Green chili is an umbrella term that represents every single chili pepper that has a green color. Almost all types of chilies go through three color changes during the maturity process. Initially, chili peppers have a green color. If allowed to mature, the green color changes to red, and the red color ultimately changes to yellow or orange.
Most mild chilies are plucked when unripe, which is why green chilies are more common than red, yellow, or orange chilies. Green chilies are slightly-bitter and less spicy than its red, yellow, or orange counterparts.
What to do if you’re using a recipe that calls for using green chilies, but the store/supermarket is out of green chilies? Fear not, there are a plethora of chili types that can be used as a substitute for green chilies.
Substitution For Green Chilies
We have decided to substitute green chilies with red or yellow chilies. There are a lot of red and yellow chili varieties/groups. So for the sake of simplicity, we are going to discuss a few varieties that are used to create edible dishes.
Chilies that get a red color when fully matured consist of bird’s eye chilies, jalapeños, cayenne chilies, serrano peppers, bell peppers, and many more. Red chilies are slightly-hotter that their green counterparts. They are also less bitter than green chilies of the same variety/group.
1) Bird’s eye chilies
If you’re tired of eating mild, flavorless green chilies, and are looking for something that will burn your mouth, the bird’s eye chili aka Thai chili is a suitable alternative.
Thai chili is most-commonly grown in Ethiopia and Southeast Asia. But unlike its two birthplaces, the tongue-burning Thai chili is only found in Asian recipes. Vietnamese people use this chili to make salads, soups, and stir-fried dishes, whereas Thai people use it in their Thai-salads and Thai-curries.
Bird’s eye chilies are known for their spiciness (50,000 to 100,000 Scoville) and fruit taste. Its taste is further enhanced when the Thai chili is allowed to ripen into a bright red color.
2) Cayenne pepper
Unlike the extremely hot Thai chili, cayenne pepper is a moderately-hot chili that is used to flavor dishes.
Cayenne pepper belongs to Capsicum annum, a chili type that includes bell peppers, pimentos, jalapeños, etc. The chili is harvested after maturity, meaning the cayenne pepper found inside stores/supermarkets rarely has a green color.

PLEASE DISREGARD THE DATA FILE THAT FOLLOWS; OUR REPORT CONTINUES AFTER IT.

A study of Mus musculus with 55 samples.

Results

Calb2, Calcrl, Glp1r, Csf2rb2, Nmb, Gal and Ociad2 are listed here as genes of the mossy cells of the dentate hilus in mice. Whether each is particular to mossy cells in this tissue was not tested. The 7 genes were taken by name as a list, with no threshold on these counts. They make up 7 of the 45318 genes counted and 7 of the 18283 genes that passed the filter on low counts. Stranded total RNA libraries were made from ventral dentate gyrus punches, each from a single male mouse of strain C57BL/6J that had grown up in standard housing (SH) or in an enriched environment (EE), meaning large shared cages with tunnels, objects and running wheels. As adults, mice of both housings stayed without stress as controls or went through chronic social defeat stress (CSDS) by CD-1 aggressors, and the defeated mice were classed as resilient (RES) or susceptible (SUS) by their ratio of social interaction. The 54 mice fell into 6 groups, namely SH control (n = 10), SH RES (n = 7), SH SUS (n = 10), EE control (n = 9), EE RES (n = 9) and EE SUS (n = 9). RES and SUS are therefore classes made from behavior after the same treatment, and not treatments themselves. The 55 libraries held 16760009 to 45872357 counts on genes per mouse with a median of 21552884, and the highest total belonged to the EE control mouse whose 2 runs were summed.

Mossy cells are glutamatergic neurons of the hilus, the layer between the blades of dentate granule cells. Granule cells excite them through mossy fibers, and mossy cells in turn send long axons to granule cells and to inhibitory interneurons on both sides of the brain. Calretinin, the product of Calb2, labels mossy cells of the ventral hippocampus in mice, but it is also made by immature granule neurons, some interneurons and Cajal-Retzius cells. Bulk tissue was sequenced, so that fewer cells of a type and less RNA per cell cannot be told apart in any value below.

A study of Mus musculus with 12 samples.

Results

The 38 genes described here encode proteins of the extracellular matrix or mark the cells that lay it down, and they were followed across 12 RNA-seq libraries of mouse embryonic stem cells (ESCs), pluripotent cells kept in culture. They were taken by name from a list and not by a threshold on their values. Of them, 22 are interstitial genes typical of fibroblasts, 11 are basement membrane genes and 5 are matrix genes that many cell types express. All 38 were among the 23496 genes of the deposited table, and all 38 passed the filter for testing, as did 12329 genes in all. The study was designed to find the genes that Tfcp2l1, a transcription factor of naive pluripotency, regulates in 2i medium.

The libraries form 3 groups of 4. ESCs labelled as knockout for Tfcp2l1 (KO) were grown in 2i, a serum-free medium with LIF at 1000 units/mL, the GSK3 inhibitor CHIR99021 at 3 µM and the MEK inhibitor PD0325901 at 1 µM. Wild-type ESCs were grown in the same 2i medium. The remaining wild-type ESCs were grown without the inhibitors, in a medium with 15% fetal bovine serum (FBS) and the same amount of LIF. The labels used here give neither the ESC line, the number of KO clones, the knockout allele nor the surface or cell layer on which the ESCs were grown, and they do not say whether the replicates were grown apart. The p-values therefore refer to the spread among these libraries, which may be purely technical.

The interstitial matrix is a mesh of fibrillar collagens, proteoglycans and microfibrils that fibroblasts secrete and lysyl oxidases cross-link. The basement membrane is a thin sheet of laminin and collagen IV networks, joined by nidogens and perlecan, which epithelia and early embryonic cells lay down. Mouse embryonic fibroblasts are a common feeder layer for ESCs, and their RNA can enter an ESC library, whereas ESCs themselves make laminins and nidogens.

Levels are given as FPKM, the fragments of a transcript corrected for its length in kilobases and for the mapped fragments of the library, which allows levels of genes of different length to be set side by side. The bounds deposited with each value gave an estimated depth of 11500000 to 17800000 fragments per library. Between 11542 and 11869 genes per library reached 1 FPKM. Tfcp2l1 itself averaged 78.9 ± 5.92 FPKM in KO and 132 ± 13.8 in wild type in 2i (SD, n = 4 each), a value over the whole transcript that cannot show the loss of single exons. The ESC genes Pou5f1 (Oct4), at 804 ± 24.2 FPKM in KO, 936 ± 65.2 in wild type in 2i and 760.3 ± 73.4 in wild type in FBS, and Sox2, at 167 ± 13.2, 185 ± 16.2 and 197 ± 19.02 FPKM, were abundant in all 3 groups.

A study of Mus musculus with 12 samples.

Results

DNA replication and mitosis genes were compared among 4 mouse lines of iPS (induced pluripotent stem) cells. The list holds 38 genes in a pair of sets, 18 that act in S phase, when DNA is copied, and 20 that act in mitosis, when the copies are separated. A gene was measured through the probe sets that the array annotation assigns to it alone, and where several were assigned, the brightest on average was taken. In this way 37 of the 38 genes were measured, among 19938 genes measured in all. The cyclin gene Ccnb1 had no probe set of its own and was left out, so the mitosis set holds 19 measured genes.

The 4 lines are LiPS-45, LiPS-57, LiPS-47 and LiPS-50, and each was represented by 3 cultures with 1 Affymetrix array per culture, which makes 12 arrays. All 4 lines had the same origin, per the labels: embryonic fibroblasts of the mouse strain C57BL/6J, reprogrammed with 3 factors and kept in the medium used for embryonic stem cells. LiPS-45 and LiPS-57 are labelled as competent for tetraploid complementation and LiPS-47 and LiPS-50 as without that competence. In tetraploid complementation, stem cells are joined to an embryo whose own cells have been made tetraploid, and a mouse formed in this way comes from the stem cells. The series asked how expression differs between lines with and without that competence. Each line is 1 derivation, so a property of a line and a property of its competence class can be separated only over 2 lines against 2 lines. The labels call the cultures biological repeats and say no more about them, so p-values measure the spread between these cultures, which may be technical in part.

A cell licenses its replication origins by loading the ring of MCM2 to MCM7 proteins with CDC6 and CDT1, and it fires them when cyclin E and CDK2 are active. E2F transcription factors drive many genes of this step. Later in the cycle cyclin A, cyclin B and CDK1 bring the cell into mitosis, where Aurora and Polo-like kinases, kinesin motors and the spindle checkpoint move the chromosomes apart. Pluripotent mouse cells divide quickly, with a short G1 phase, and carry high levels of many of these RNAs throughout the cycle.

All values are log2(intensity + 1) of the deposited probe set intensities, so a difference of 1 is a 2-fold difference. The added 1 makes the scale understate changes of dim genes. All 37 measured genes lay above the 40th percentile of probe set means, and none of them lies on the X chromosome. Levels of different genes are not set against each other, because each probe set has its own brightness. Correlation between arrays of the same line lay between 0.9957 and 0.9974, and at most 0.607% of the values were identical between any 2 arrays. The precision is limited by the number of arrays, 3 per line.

Cayenne chili peppers are moderately-hot with a Scoville level equal to 30,000 to 50,000 Scoville.
3) Serrano pepper
Originated from the Mexican mountainous regions of Hidalgo and Puebla, the pepper is named serrano as a reference to the Sierras Mountains of Hidalgo and Puebla regions. Similar to Thai chilies, unripe serrano peppers are also green colored. But upon maturity, the color can change from green to red, brown, orange, or yellow.
The serrano peppers are slightly hotter than jalapeño peppers having a Scoville rating of 10,000 to 23,000 Scoville. The peppers are eaten raw or used in making salsa and pico de gallo.
Chilies that get a yellow color when fully-matured consist of Bolivian rainbow pepper, lemon drop pepper, aji Amarillo, aji charapita, prairie fire pepper, Hungarian wax pepper, and many more. Yellow chilies are slightly-hotter that their green counterparts. They are also slightly-tangy than green chilies of the same variety/group.
1) Hungarian wax pepper
Hungarian wax peppers are almost as hot as jalapeño peppers. The peppers have a banana-like shape and a tangy sweetness that comes from its natural ripening process. Since the peppers are not overly spicy, they’re great to start experimenting with spicy foods.
Hungarian wax peppers have a Scoville rating of 5000 to 10,000 Scoville.
2) Lemon drop pepper
Similar to the Hungarian wax pepper, the lemon drop pepper has a sweet-tangy taste. But unlike Hungarian wax pepper’s culinary use, the lemon drop pepper is often used as an ornamental pepper.
Lemon drop pepper has a spiciness level that matches with the serrano pepper. Some Lemon drop peppers can even reach the spiciness level of cayenne peppers.
Lemon drop peppers have a Scoville rating of 15,000 to 30,000 Scoville.
3) Bolivian rainbow pepper
A Bolivian rainbow pepper, when ripe, can have a yellow, red, orange, or purple color. Bolivian Rainbow peppers have a cone shape and a flavor profile similar to cayenne peppers.
Bolivian Rainbow peppers have a Scoville rating of 10,000 to 30,000 Scoville.